On this Sunday, there’s no better case for The Great American Comeback Story than with former UFC women’s bantamweight champion Ronda Rousey.
Let’s hang on that word: former. We now live in a world where the unthinkable is now reality: Rousey has a loss and a bad one at that. In front of a record 56,214 in Melbourne, Australia, what was hailed as the world’s most dangerous woman got her comeuppance against a woman in Holly Holm that is six years her elder and much less her level of fame. As crisp as Holm looked, Rousey looked as stale. While everything during fight week appeared as normal (even with that odd forced/farced pull-apart at the weigh-ins) something or someone put sugar in the machine’s gas tank.
In retrospect, we should have expected this at some point. With Rousey’s increased level of celebrity in 2015 came more opportunities for the outside world to creep in through the cracks of what was previously an impenetrable exterior.
Just look at the level of distraction this year alone: a) a book release, b) appearances in several movies, c) a whole lot of ESPN attention and awards, d) being asked about fighting Floyd Mayweather 10,000 times, e) getting cited by mainstream female stars like Beyonce, f) an appearance on Ellen and other mainstream talk shows, g) her head coach filed for bankruptcy, h) her mother did interviews ripping said coach where she mentioned running over him with a car, i) her relationship with Travis Browne went public, j) she had to defend her name against domestic violence from a past relationship and k) the bulk of the promotional load for three main event PPVs. Looking at all of that, it’s clear that it became too much to bear.
The Rousey that was knocked silly Saturday wasn’t the Rousey that started off 2015 and, as a result, she is now without a giant piece of metal and leather. Just as she was about to nearly fully escape the MMA bubble most of us exist in, the cold hand of reality grabbed her ankle and pulled her back down with the rest of us. She’s still a professional fighter -- even if her agents and PR people are likely hoping for otherwise.
So, now what?
The prevailing thought is Rousey disappears for months and we get an early springtime announcement of a rematch with Holm at July’s UFC 200. While she will have shed off many of the fringe fans who like their stars perfect and without tarnish, the thought of Rousey coming back with something to prove has got to be tantalizing for Dana White & crew.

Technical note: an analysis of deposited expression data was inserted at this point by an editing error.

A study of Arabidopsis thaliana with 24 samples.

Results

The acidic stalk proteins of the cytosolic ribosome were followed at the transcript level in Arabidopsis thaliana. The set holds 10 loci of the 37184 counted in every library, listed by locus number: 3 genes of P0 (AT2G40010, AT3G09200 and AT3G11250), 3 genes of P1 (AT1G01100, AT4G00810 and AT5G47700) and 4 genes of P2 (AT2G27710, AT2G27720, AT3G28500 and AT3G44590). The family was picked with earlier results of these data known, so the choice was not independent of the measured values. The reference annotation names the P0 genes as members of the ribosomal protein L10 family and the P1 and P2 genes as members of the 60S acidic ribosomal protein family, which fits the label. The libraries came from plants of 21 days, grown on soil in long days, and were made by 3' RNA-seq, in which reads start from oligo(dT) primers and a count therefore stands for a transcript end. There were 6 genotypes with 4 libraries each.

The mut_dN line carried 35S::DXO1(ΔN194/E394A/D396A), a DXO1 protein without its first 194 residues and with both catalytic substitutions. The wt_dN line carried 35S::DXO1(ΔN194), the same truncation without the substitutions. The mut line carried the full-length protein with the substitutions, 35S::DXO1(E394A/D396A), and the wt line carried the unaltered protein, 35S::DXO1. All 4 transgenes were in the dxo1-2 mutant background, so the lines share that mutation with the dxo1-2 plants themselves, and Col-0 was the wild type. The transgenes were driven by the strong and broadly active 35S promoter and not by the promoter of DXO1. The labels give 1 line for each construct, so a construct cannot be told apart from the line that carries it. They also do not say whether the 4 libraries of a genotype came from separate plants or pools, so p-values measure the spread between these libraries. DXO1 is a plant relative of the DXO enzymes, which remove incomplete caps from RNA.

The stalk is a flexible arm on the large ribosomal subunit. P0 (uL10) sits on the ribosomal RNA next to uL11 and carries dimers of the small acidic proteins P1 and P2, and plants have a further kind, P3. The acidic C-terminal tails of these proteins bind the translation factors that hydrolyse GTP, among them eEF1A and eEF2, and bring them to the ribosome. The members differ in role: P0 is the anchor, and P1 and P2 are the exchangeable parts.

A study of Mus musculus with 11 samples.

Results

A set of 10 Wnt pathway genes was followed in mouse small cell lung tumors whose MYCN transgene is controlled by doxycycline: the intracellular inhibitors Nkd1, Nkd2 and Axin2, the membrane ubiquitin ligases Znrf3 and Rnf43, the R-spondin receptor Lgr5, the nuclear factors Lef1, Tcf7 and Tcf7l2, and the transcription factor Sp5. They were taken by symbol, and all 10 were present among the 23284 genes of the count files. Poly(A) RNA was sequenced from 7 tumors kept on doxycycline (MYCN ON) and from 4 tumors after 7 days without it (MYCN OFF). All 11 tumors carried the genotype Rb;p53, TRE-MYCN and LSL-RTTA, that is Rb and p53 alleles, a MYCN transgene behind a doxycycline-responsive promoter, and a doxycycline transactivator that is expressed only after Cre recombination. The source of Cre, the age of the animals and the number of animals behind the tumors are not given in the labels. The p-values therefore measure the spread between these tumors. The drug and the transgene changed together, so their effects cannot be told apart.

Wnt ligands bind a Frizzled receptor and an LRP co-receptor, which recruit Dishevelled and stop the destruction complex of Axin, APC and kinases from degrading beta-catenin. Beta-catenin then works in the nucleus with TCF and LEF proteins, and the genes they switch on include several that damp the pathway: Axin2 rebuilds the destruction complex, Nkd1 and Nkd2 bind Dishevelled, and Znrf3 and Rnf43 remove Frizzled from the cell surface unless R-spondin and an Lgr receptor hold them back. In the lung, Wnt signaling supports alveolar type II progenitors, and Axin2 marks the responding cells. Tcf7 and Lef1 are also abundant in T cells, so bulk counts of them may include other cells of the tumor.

Depending on where we’re at when/if that fight gets announced, she should be favored. However, while we can expect that Rousey will be as motivated to get her title back as we think she should be, eight months is a long time away. A second loss would be devastating and a major setback to any Hollywood hopes. Her handlers have no doubt done a risk assessment, and perhaps they are saying, “Enough’s enough. If we’re going to do this movie thing, now’s the time.” They also might suggest that a big win in a Holm rematch would make her an even bigger star.
That’s the risk with athletes who want to go outside their lane and be known for more than what brought them to the dance to begin with. Dwight Howard famously wanted to go to the L.A. Lakers so he could branch into movies and entertainment. One less-than-thrilling season later, he found himself in Houston far away from the bright lights. It’s tough to be truly great at one thing, much less two. Look at today’s top tier athletes and compare their level of focus for their primary sport and what else they could be doing. There’s a big difference between building a brand vs. being a champion, and doing both extremely well.
If Rousey truly wants to be known as an all-time great fighter, she’s got to focus on doing just that and reclaim all that was lost in Australia. UFC legend Georges St. Pierre provided the blueprint as he won 12 straight over six years with nine title defenses to close out his career (we think) after being embarrassed in a TKO loss to Matt Serra in 2007. But GSP didn’t have machinations at being a pop culture icon as he was doing it. He simply wanted to win fights, and to be the best. Does Rousey still want that?
Especially in Hollywood, there’s nothing better than a comeback story. Rousey can literally write her’s in the blood of her opponents, but only if she truly is motivated to pick up the pen.